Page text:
Architect George Clarke: Sustainability and style can go hand-in-hand in the home
TV architect George Clarke is known for creating Amazing Spaces – but they can only be truly amazing if they’re kind to the planet, he says.
The genial presenter of shows including George Clarke’s Amazing Spaces and Old House, New Home is a master at making all sorts of homes look great, but is keen to highlight that style and sustainability can – and should – go hand-in-hand in the home.
“Designers and product designers who care about the environment absolutely care about what something looks like – a million per cent,” he says. “Someone who’s passionate enough about the product to make it green is not going to design something that looks ugly – they’re going to make it look really stylish at the same time.”
It’s key for homeowners to ask questions about where products, fixtures and fittings have come from and what they’re made of, he says.
“My parents’ generation didn’t ask where things came from. But my kids now will say, why are we buying that, it’s come halfway around the world? Why aren’t we buying local?”
He points out that while in the past British products may have been more expensive than some items made abroad, “It’s changed enormously over the last 10 years – now you can buy British, you can buy green, and you can buy it affordably.”
Clarke, 49, says that “back in the day” – meaning the 1990s and 2000s – people often renovated properties and put in cheap fixtures and fittings, with a view to upgrading them later. “That’s not the best way to do it,” he insists. “You should get something installed first that’s of a decent quality and as green as you can, and that you can keep for as long as possible.
“This kind of disposable economy that we’ve had in the last 30 years is completely unsustainable, and let’s be honest, it’s a waste of money. What’s the point of buying something crap and cheap, and then throwing it away in three year’s time and then trying to find the money again, to do something decent? Back in my nana’s day, if you couldn’t afford it, you didn’t buy it. Save up, take your time and then buy something quality that’s going to last you a lifetime.”
But he understands that making the right choices isn’t always easy.
“It’s difficult at the minute, you’ve got a cost-of-living crisis, energy prices have gone up, you’ve got stagnant wages, and people have to watch their purse strings,” he says. “You’ve got to really, really watch what you’re spending your money on.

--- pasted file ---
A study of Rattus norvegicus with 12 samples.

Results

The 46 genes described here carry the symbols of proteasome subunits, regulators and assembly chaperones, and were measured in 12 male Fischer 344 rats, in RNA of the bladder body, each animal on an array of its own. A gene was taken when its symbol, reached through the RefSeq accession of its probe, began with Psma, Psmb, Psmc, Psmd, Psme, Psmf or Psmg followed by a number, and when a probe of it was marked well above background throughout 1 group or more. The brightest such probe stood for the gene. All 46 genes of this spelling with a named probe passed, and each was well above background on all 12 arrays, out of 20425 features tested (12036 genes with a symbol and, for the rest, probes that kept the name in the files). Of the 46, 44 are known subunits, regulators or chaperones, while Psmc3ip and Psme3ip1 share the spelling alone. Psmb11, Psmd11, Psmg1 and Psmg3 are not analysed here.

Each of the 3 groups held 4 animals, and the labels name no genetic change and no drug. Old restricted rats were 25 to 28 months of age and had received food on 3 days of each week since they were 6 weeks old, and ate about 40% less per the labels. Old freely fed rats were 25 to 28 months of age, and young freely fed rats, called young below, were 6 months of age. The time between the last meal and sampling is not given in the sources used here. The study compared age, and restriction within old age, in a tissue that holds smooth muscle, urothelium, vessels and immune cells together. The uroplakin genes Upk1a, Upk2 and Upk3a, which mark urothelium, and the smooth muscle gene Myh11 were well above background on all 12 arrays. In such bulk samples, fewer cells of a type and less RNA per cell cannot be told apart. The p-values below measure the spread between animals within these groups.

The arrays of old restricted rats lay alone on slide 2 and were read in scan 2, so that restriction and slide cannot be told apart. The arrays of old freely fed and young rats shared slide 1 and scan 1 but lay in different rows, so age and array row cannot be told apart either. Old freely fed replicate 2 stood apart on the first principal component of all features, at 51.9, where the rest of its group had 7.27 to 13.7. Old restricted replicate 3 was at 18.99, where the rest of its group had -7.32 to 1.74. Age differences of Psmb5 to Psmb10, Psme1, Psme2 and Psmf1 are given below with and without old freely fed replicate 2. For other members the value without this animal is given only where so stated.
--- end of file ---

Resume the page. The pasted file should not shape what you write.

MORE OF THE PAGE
“But go for the greenest thing you can, if you can afford it. If not, then question whether you really need to buy it. Quite often we buy stuff we don’t even need – there’s a lot of tat that’s bought by people that don’t need it. But my call out to manufacturers and suppliers is if you design something that’s green and built to last, then people shouldn’t need to be buying cheap.”
What should homeowners look out for if they want a more sustainable living space?
“You want all your appliances to be efficient – AAA appliances are energy-efficient, power-efficient, and water-efficient,” he explains. “You want all your fabrics to be as natural as possible – you don’t want to be using fabrics which have been damaging to the environment.
“Then there’s the types of lightbulbs we use and light fittings – everything down to the size of toilet cisterns. Now, showerheads, toilet cisterns and taps have been designed in such a way that you use less water without compromising on the efficiency. I think that’s the most important thing.”
Clarke has helped create the Gaia sofa range for British sofa company Sofology, designed using sustainable fabrics and easily dismantled so each individual part can be easily recycled or repurposed.
He says such pieces of furniture should be part of the circular economy – where components, objects and appliances can be fully recycled repeatedly. “I’ve been banging on about the circular economy for 15 years,” he says. “Certain objects and appliances in the home don’t get reused and repurposed, they get taken to the tip. We shouldn’t have the amount of landfill that we’ve got in this country – it’s ridiculous.
“We’ve still got a long way to go when it comes to items in the home designed in a circular economy way. Yes, they can be designed using sustainable materials, in a fairly sustainable way, but can they really be reused and reused again? Most things can’t, but everything should be like that.”
Clarke stresses he’s not telling people they have to be green homeowners, and adds: “I think these are all personal decisions – it’s up to you how you make them, and how green or how sustainable you want your house to be. But I think you need to be aware of what you’re buying, and where you’re buying it from, who’s made it, what they’ve made it from, and what resources they’ve used to be able to do it. And when you’re buying online, you’ve got to really investigate where something’s come from too.
“If you choose not to do it, and you don’t want to live in a green home, that’s your call. But I don’t think it’s the direction that the country should be going in.”
George Clarke’s sustainable Gaia range is available exclusively at Sofology.